Friday, November 22, 2013
Eagles defense owes a debt to Texans
By Phil Sheridan
PHILADELPHIA -- The timing is convenient for Eagles defensive coordinator Bill Davis. Since the end of the regular season is right after Christmas, he can send his thank-you note to the Houston Texans along with those for the other gifts he receives.
Without DeMeco Ryans and Connor Barwin, linebackers who learned their craft in Houston, it's hard to imagine Davis' defense making the progress it has over the past few months.
"The thing that jumps off the film is the effort our guys are playing with," Davis said. "They view themselves as a high-effort defense. We're not a bunch of Pro Bowl names, pretty faces. We're scrapping and keeping people out of the end zone. It's hard work and high effort that's getting it done."
Ryans is the inside linebacker who converts Davis' play calls into proper alignments and assignments. Barwin is the outside linebacker with the skills and versatility to make some of Davis' best schemes possible.
Just as important, the two ex-Texans are a major reason for the defense's change in personality. Gone are team-second guys like Jason Babin and Nnamdi Asomugha. Here are Ryans, Barwin and cornerback Cary Williams.
"We don't have any egos on the defense," said Barwin, who signed with the Eagles as a free agent this year. "It's fun to play with 11 new guys that their goal is to be a good defense and shut teams down. As long as we keep that, we'll be fine."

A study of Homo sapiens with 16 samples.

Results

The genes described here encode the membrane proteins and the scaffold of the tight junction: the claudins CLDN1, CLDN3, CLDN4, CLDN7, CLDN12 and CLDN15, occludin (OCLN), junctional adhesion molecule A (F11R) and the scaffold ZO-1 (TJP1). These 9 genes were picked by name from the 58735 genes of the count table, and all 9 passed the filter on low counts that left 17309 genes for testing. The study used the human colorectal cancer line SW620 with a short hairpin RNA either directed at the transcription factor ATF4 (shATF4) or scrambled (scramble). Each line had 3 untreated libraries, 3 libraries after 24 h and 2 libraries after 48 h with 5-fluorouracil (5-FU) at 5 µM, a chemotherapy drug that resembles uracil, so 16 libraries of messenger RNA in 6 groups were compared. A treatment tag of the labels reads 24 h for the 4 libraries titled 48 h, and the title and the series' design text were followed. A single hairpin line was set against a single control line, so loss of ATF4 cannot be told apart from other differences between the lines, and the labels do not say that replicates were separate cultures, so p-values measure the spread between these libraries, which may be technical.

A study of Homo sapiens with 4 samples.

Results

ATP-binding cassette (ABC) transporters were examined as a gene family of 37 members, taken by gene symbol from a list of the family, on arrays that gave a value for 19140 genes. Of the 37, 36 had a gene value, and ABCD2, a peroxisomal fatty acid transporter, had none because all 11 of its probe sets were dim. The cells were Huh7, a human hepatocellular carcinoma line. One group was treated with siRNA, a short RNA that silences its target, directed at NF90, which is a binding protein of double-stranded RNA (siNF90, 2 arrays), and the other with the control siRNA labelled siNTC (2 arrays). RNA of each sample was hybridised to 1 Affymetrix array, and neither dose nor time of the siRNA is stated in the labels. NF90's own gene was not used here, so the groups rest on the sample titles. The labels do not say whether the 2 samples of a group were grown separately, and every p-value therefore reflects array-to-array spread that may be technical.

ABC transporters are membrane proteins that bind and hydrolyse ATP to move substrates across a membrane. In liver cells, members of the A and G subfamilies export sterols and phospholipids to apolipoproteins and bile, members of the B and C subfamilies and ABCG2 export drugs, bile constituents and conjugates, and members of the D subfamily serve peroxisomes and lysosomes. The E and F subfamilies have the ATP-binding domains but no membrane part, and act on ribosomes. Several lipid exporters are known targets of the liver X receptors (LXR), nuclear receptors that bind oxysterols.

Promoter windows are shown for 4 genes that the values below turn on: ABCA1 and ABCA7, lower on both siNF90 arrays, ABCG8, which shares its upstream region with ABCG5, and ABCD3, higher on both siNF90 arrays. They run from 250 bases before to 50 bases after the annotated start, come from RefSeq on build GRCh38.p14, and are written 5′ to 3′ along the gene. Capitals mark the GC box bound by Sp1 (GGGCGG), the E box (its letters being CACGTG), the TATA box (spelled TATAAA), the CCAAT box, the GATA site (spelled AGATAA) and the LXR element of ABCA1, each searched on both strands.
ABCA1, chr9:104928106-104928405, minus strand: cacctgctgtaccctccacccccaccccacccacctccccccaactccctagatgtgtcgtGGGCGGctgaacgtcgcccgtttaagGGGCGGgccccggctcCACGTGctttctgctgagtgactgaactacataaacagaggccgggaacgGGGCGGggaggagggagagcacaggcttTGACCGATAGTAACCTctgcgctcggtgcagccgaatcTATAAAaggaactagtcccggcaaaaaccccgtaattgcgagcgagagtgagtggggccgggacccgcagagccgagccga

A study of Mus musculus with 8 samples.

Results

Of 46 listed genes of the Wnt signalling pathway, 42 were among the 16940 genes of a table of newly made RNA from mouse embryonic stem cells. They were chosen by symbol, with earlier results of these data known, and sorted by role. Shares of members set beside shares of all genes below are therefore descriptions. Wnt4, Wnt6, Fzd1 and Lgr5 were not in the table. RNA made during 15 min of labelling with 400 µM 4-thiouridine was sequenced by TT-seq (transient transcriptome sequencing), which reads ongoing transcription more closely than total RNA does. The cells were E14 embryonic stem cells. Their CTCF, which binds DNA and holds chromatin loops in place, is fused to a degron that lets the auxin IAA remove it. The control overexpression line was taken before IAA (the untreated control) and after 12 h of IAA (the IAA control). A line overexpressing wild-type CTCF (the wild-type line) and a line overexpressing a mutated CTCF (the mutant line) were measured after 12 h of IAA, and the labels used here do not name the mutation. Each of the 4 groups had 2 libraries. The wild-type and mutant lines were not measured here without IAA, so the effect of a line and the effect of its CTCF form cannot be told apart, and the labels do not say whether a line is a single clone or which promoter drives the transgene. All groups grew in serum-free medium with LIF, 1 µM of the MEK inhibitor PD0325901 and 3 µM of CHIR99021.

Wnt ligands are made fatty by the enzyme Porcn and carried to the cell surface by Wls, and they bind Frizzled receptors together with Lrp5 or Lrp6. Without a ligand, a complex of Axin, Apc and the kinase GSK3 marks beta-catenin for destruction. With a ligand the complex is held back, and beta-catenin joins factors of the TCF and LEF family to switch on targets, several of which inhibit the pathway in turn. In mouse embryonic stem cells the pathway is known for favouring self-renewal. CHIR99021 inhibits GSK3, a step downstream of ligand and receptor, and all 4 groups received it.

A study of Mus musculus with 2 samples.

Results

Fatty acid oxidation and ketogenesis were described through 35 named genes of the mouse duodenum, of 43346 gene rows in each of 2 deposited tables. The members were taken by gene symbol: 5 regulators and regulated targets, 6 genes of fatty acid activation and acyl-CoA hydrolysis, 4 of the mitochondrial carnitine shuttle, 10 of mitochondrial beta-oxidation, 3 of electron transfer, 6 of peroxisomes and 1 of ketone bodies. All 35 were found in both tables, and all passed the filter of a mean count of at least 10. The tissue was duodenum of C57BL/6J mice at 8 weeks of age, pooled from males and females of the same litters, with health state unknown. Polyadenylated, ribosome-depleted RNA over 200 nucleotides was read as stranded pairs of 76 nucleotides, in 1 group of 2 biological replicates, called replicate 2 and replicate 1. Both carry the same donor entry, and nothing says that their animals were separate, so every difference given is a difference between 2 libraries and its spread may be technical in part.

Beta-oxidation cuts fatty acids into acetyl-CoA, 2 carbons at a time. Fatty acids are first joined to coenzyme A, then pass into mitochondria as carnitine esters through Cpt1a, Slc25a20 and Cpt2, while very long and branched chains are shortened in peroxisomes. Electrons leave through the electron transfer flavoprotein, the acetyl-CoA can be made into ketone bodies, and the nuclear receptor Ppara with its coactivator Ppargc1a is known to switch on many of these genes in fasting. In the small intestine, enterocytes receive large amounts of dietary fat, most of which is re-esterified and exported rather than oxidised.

"It's totally different [this year]," Ryans said. "We have great chemistry, a lot of younger guys. We have fun together, not only here during the day at work, but outside of here. We go eat dinner together. It's really becoming like a brother, you know? You care for that guy on the field and off the field. It's good to have our defense come together in that manner."
Ryans was here last year, too. After being acquired in a trade, he was expected to play middle linebacker and help bring order to the chaos of Andy Reid's final season. But with assistant coaches Juan Castillo and Jim Washburn getting fired in-season, and with the epically poor play of Asomugha and the secondary, it was an impossible task.
It's no wonder Ryans and the rest of the returning defenders were so willing to embrace Davis' scheme. It represented sanity in the asylum.
"He's smart," Barwin said. "He's really smart. He prepares us for the plays the offense is going to run. You understand the schemes and how they're trying to attack you. That really helps you during the game."
Barwin said Davis' defense is more complicated than the 3-4 run by Wade Phillips in Houston. It relies on more communication on the field. That makes the in-season progress even more remarkable, considering it was a new scheme with new starters at seven positions.
And that makes smart, versatile players even more valuable. None of Davis' players are any smarter or more versatile than Ryans and Barwin.
Davis said Barwin "wears a lot of different hats" during a game. He might set the edge on his side of the field against a run play, drop into coverage with a tight end or rush the passer. He made a huge play Sunday against Washington, sacking Robert Griffin III in the red zone and forcing a fumble that was recovered by teammate Fletcher Cox.
As for Ryans, he is an extension of the coaching staff, making sure a young and developing group lines up correctly and goes in the right direction.
"DeMeco is the leader of our defense and he's having an outstanding Pro Bowl year," Davis said. "We couldn't be happier with everything DeMeco is doing for us."
That thank-you note to Houston should be a pleasure for Davis to write.